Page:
Want to solve the climate crisis? Let's bet on the ocean | Interamerican Association for Environmental Defense (AIDA) Skip to content Skip to navigation
9 October 2019

So far, the ocean has featured little in the United Nations climate negotiations. Yet without it, solutions to the climate crisis would be incomplete.

The annual sessions of the UN Convention on Climate Change have emphasized reducing greenhouse gas emissions, but have not recognized the role of the ocean and its importance in meeting climate change goals.

A healthy ocean is a natural carbon reservoir and its degradation implies the intensification of the climate crisis. Without its help, we cannot prevent the planet from warming to an unsustainable level.

But the ocean is beginning to crumble due to pressure from factors such as overfishing and pollution, in addition to the climate crisis.

The latest report from the Intergovernmental Panel on Climate Change (IPCC) shows that the ocean suffers from overheating, acidification, and loss of oxygen—an element essential for life under the sea.

The report revealed the worst: the climate crisis is the ocean crisis.

However, we still have windows of opportunity to bring the ocean back to health by improving its governance and controlling the planet's temperature.

Decadent health

The ocean plays a key role in maintaining life on the planet. It produces half the oxygen we breathe, circulates fresh water, and generates nutrients. The livelihoods of fishing and tourism communities depend on its good health.

In recent years, the ocean has been a buffer. Standing between our communities and the worst effects of the climate crisis, the ocean has absorbed 93 percent of the excess heat and 28 percent of the carbon dioxide in the atmosphere, UN experts said.

But this natural protection has serious consequences. By absorbing and interacting with pollutants, the rate of increase in ocean temperature has more than doubled since the end of the 20th century, according to the IPCC.

Recent scientific evidence is not just another warning, but perhaps the last and most urgent call to protect the ocean through accelerated climate action.

Act now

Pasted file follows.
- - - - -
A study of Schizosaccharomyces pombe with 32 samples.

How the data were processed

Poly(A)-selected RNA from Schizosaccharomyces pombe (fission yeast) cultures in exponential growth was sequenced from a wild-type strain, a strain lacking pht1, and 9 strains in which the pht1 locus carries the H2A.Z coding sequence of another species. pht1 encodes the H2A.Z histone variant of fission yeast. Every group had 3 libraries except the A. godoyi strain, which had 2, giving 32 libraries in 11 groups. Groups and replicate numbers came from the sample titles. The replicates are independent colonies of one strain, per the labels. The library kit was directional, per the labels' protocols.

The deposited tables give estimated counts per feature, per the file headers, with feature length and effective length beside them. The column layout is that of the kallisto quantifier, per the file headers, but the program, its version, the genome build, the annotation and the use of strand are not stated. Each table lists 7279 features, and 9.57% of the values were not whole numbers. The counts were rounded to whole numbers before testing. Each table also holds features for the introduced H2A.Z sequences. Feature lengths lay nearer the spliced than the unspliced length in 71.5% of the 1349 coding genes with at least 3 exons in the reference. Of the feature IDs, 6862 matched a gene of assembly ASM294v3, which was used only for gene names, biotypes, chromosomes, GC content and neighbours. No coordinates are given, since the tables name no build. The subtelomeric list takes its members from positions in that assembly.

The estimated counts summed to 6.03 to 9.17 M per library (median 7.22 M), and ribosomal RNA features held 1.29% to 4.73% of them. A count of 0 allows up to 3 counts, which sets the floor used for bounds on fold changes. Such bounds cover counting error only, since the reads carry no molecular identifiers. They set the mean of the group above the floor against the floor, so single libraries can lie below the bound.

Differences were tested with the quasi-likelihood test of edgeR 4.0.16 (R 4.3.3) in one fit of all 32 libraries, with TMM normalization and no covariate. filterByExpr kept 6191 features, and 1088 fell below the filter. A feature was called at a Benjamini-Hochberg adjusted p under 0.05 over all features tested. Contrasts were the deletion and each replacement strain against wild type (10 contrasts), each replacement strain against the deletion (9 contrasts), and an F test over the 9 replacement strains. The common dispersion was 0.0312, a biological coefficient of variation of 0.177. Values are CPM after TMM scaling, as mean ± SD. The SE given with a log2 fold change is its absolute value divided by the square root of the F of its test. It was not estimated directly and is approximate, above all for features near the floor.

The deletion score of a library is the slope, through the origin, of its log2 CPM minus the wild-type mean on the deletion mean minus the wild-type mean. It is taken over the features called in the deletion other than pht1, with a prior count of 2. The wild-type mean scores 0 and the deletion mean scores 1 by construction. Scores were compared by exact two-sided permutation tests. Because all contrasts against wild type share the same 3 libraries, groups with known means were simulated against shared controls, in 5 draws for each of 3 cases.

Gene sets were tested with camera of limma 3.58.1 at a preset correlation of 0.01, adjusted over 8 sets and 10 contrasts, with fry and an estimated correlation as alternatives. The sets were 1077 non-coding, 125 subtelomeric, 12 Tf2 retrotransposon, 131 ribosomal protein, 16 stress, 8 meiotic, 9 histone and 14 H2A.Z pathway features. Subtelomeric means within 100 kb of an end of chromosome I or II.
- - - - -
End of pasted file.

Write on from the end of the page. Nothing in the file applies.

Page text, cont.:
An opportunity to rescue this ecosystem is in each country's plans to reduce emissions and contain global warming to 1.5 degrees Celsius (or as close as possible to that figure).

The twenty-fifth Conference of the Parties (COP25) to the United Nations Framework Convention on Climate Change, to be held in Chile in December, represents the final deadline for countries to submit new and more ambitious commitments by 2020.

Costa Rica, as host of the COP25 preparatory meeting, decided to give nature space in the climate fight. In fact, the ocean is one of the issues that the government has placed on the agenda of the PreCOP, underway this week.

Stronger commitments to reducing emissions will rid the ocean of one of the main pressure points that has it on the verge of collapse.

Integral solution

This is not the only action the international community is taking to save this ecosystem.

A treaty is still being negotiated on the high seas: marine areas beyond national jurisdiction. Together they account for almost two-thirds of the ocean. Countries have between now and 2020 to achieve a treaty that protects the high seas and, with it, almost half of the planet.

On the other hand, the States Parties to the Convention on Biological Diversity will negotiate new targets for the protection of biodiversity at a meeting to be held in 2020.

The target for marine biodiversity should be the protection of at least 30 percent of the ocean through effectively protected areas and the sustainable management of the remaining 70 percent.

Ending overfishing and pollution in all its forms, as well as preventing further loss of biodiversity, ecosystems and habitats, are essential measures within our reach.

There is an urgent need for the political class to act accordingly and protect the ocean. The next decade is imperative.


About the Author


Gladys Martínez is AIDA's Executive Director, working out of San Jose, Costa Rica. For eight years, she led AIDA’s Marine Biodiversity and Coastal Protection Program. Gladys has a law degree from the University of Costa Rica and a master's degree in Environmental Security and Peace from the United Nations University for Peace. She also became a Kellog Executive Scholar in Nonprofit Management through Northwestern University's Kellogg School of Management.